Wednesday, December 12, 2012

Warm Bodies

A novel told from the POV of a zombie suffering an existential crisis? Yes, please.

Warm Bodies by Isaac Marion was such a terrific read. I started it around 4pm yesterday and finished it 3am this morning. It was worth having bags under my eyes today. On the surface a love story, like any good zombie fiction it ultimately delves much deeper into questions of existential meaning, religion and human nature. The metaphors are everywhere. Zombies are never just zombies (unless you're playing Left 4 Dead).

In the zombiescape of Warm Bodies, the undead feed on the living not for nutritional sustenance, but in order to absorb the living aura and energy from them. And if they're lucky enough to get a bite of their victims' braaaaiiinnnnss, then they experience a much savored snapshot of that person's life and memories. The dead can't remember anything from their own past lives, so they hunt on the living to experience theirs.

Everything changes when the zombie R (the only syllable of his name he can remember) meets Julie, the living girlfriend of the man whose brain he just devoured. Whoops. Now he has memories of Julie and an overwhelming urge to protect her, and a surprising friendship forms. But their relationship sparks a revolution in the zombie populace, and not everyone would like to see a change from the status quo.

My only problem with the story is we're never given any real scientific reasoning behind the cause and cure of the undead plague. We're basically told it happened because of the moral bankruptcy of humanity, implying some sort of mystical or divine influence, damning mankind with a curse. Instead of just giving us something vague and mystical like that, I think it could've been better by providing a concrete event from which we could imply humanity's failure. Example: nuclear war where the residual radiation causes everyone who dies to rise again.

Then again it's a bit refreshing to read a scifi story that isn't drowning in unbelievable exposition. The characters we encounter are teenagers. They have no idea why this is happening, and they're not medical experts. So we know what they know.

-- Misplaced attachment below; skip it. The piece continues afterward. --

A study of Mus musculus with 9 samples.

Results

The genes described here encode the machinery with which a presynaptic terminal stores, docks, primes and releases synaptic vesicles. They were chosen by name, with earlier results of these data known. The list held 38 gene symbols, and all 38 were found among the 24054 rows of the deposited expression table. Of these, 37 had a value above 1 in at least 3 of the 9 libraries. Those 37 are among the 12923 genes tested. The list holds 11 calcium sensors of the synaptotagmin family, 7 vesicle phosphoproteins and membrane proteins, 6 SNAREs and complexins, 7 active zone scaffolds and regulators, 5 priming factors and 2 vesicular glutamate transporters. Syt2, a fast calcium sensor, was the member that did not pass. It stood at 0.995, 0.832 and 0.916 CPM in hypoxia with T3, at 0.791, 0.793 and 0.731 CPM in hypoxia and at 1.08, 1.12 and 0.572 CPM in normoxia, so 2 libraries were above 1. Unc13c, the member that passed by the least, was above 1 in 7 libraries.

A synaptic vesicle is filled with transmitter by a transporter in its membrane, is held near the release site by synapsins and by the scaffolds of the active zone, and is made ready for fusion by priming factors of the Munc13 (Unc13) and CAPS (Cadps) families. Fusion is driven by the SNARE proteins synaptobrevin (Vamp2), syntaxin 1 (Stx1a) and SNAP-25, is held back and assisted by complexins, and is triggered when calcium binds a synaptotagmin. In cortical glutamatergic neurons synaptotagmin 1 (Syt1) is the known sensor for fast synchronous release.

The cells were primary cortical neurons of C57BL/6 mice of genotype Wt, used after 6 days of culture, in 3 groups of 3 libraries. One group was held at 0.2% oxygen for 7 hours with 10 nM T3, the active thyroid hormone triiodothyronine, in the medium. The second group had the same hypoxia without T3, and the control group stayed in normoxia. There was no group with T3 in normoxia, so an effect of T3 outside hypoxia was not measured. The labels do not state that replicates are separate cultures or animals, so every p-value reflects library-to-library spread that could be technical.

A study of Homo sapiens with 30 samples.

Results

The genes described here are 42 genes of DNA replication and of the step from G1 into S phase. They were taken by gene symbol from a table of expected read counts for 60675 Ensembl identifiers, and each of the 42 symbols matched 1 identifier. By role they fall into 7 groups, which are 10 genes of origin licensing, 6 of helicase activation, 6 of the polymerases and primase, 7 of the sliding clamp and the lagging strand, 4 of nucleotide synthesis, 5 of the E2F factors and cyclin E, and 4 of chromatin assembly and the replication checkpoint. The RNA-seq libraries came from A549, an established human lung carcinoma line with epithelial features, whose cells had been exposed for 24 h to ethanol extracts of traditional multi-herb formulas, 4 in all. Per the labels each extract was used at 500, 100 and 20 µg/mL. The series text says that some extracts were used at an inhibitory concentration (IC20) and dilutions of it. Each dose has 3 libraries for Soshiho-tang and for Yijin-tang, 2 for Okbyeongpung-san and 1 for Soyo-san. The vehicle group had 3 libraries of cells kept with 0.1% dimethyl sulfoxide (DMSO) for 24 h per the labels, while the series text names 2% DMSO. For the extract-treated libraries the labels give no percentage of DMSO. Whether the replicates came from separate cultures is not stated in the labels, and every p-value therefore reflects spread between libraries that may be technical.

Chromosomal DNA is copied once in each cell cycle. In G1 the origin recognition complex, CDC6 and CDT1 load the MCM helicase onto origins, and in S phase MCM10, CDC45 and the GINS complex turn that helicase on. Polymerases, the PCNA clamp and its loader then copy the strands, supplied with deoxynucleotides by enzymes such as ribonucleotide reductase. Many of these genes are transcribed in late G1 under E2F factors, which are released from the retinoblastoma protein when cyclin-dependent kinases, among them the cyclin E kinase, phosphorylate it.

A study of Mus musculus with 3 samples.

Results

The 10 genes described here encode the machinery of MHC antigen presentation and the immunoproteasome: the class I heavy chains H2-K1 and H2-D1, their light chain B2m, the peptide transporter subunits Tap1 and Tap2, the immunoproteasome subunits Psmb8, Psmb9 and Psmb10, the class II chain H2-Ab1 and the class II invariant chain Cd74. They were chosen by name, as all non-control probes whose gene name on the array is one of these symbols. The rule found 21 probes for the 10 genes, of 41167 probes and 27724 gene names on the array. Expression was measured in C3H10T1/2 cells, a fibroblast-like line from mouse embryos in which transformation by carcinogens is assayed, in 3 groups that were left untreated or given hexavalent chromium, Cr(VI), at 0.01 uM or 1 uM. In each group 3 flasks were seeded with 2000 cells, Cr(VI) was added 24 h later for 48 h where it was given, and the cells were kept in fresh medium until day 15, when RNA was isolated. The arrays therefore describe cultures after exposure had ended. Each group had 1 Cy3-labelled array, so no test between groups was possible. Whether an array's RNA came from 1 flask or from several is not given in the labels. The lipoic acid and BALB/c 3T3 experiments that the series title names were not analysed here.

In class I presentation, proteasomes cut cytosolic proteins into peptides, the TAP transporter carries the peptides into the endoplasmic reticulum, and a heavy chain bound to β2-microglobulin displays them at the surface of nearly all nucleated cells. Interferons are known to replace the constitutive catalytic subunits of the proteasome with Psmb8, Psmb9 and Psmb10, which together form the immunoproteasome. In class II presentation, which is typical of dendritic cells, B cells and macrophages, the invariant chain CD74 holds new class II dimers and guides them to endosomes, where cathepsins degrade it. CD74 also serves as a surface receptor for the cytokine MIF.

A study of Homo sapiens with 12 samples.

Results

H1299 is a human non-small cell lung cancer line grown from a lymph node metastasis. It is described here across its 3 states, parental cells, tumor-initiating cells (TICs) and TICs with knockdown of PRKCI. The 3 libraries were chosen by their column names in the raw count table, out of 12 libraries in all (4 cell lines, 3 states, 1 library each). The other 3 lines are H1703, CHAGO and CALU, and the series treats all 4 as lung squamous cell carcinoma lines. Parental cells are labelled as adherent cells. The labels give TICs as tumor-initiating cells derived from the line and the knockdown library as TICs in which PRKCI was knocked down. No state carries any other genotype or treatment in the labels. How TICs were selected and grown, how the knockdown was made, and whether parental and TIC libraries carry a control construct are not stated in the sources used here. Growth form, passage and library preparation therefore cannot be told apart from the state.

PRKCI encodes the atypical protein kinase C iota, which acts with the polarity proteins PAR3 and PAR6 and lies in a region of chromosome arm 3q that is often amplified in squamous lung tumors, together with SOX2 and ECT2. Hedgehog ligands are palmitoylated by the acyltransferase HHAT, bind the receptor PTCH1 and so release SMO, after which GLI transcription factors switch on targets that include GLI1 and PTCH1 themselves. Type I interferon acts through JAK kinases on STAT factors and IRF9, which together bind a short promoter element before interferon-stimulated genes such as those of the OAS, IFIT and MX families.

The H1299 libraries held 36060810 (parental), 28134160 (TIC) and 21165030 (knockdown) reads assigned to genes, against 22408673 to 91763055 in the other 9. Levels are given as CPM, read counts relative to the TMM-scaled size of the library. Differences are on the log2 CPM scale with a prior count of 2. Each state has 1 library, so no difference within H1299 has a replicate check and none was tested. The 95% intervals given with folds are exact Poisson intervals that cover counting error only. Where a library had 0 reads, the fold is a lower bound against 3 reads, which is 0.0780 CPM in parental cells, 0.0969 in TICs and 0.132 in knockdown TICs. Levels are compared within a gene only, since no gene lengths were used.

Overall a wonderful book. Here are some passages:

I don't know why we have to kill people. I don't know what chewing through a man's neck accomplishes. I steal what he has to replace what I lack. He disappears, and I stay. It's simple but senseless, arbitrary laws from some lunatic legislator in the sky. But following those laws keeps me walking, so I follow them to the letter. I eat until I stop eating, then I eat again.

"Yes. The Epic of Gilgamesh, one of the earliest known works of literature. Humanity's debut novel, you could say." Rosso flips through the brittle yellow pages. "Love, sex, blood, and tears. A journey to find eternal life. To escape death." He reaches across the table and hands the book to me. "It was written over four thousand years ago on clay tablets by people who tilled the mud and rarely lived past forty. It's survived countless wars, disasters, and plagues, and continues to fascinate to this day, because here I am, in the midst of modern ruin, reading it...The world that birthed that story is long gone, all its people are dead, but it continues to touch the present and future because someone cared enough about that world to keep it. To put it in words. To remember it."

I split the book open to the middle. The pages are riddled with ellipses, marking words and lines missing from the tablets, rotted out and lost to history. I stare at these marks and let their black dots fill my vision.

The ellipses reference is very important. The zombies' speech is riddled with ellipses, marking their effort in forming sentences at all. Their knowledge of words and communication is "rotted out and lost to history." Such a great cross reference by the author.

We were fearful in the best of times; how could we cope with the worst? So we found the tallest walls and poured ourselves behind them. We kept pouring until we were the biggest and strongest, elected the greatest generals and found the most weapons, thinking all this maximalism would somehow generate happiness. But nothing so obvious could ever work.


It's also been adapted into a movie that'll be out February 1st. It'll have Rob Cordry and John Malkovich in it, and was directed by Jonathan Levine, director of last year's wonderful 50/50. It can't go wrong.